Princess Diana’s life was full of moments that the world still remembers today. One of those moments was her infamous 1995 Panorama interview with the BBC. The interview has been a subject of some controversy for a long time, and the network is finally apologizing to Prince Charles, Prince William, and Prince Harry for the tactics they used to get it.
Journalist Forged Documents To Get Diana To Agree To Interview
The interview was done with journalist Martin Bashir and contained candid remarks about Diana’s struggles with an eating disorder and her unhappy marriage to Charles. The Panorama broadcast instantly blew up around the world, and many wondered why the princess was so open with these details.
In an independent investigation conducted last year, it was found that the BBC “fell short of high standards of integrity and transparency” when it came to obtaining the interview with Diana. The report also found that Bashir forged documents, including a fake bank statement, that caused Diana’s brother Charles to agree to arrange a meeting between Bashir and the princess.
The BBC Apologizes After Losing Defamation Case
A year later, the BBC is finally apologizing for airing the interview: “Following publication of the Dyson Report last year we have been working with those who suffered as a result of the deceitful tactics used by the BBC in pursuit of its interview with Diana, Princess of Wales for the Panorama program in 1995, including the matters that were mentioned in court today in respect of Miss Tiggy Legge-Bourke, now Mrs. Alexandra Pettifer.”
Pettifer recently won a defamation case against the network due to false claims in the 1995 interview that alleged she had an affair with Charles while working as a nanny for the family.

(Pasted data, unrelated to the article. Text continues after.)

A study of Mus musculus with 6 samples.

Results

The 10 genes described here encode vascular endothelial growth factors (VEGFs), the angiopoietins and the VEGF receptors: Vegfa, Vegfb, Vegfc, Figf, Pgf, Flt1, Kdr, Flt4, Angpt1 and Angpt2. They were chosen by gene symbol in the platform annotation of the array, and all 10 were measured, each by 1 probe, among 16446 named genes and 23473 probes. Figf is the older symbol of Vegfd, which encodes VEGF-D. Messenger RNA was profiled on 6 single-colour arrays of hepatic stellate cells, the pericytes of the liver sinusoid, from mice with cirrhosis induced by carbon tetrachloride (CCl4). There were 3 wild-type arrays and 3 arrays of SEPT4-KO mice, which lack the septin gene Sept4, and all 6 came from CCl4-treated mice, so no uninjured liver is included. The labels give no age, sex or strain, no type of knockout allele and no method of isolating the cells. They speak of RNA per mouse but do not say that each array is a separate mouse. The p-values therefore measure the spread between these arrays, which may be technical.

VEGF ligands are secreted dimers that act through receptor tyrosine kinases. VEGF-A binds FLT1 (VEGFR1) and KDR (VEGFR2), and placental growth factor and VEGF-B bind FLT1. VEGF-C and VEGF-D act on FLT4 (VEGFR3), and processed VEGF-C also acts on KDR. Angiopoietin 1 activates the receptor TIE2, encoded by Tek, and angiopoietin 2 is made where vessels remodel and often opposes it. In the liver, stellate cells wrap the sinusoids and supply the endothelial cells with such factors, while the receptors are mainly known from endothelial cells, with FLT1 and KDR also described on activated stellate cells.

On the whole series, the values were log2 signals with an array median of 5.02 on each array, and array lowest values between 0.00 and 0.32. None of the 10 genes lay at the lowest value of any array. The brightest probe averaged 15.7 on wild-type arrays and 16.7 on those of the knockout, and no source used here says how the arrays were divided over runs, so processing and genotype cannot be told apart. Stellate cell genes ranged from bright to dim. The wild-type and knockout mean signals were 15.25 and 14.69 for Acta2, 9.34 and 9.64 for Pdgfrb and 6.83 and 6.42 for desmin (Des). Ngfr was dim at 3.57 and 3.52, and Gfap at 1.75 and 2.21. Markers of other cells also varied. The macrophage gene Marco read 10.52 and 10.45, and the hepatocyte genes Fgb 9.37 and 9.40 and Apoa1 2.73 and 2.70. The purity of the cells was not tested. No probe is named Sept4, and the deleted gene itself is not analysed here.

Network Says ‘Panorama’ Interview ‘Is A Matter Of Great Regret’
“The BBC has agreed to pay substantial damages to Mrs. Pettifer and I would like to take this opportunity to apologize publicly to her, to The Prince of Wales [Charles], and to the Dukes of Cambridge [William] and Sussex [Harry], for the way in which Princess Diana was deceived and the subsequent impact on all their lives,” the statement continued.
“It is a matter of great regret that the BBC did not get to the facts in the immediate aftermath of the programme when there were warning signs that the interview might have been obtained improperly. Instead, as The Duke of Cambridge himself put it, the BBC failed to ask the tough questions. Had we done our job properly Princess Diana would have known the truth during her lifetime. We let her, The Royal Family and our audiences down,” the statement concluded. “Now we know about the shocking way that the interview was obtained, I have decided that the BBC will never show the program again; nor will we license it in whole or part to other broadcasters.”
Bashir has since apologized for forging the documents but maintains they “had no bearing whatsoever on the personal choice by Princess Diana to take part in the interview.” While it’s nice that the BBC has apologized for the way the interview was obtained, many think it’s too little, too late.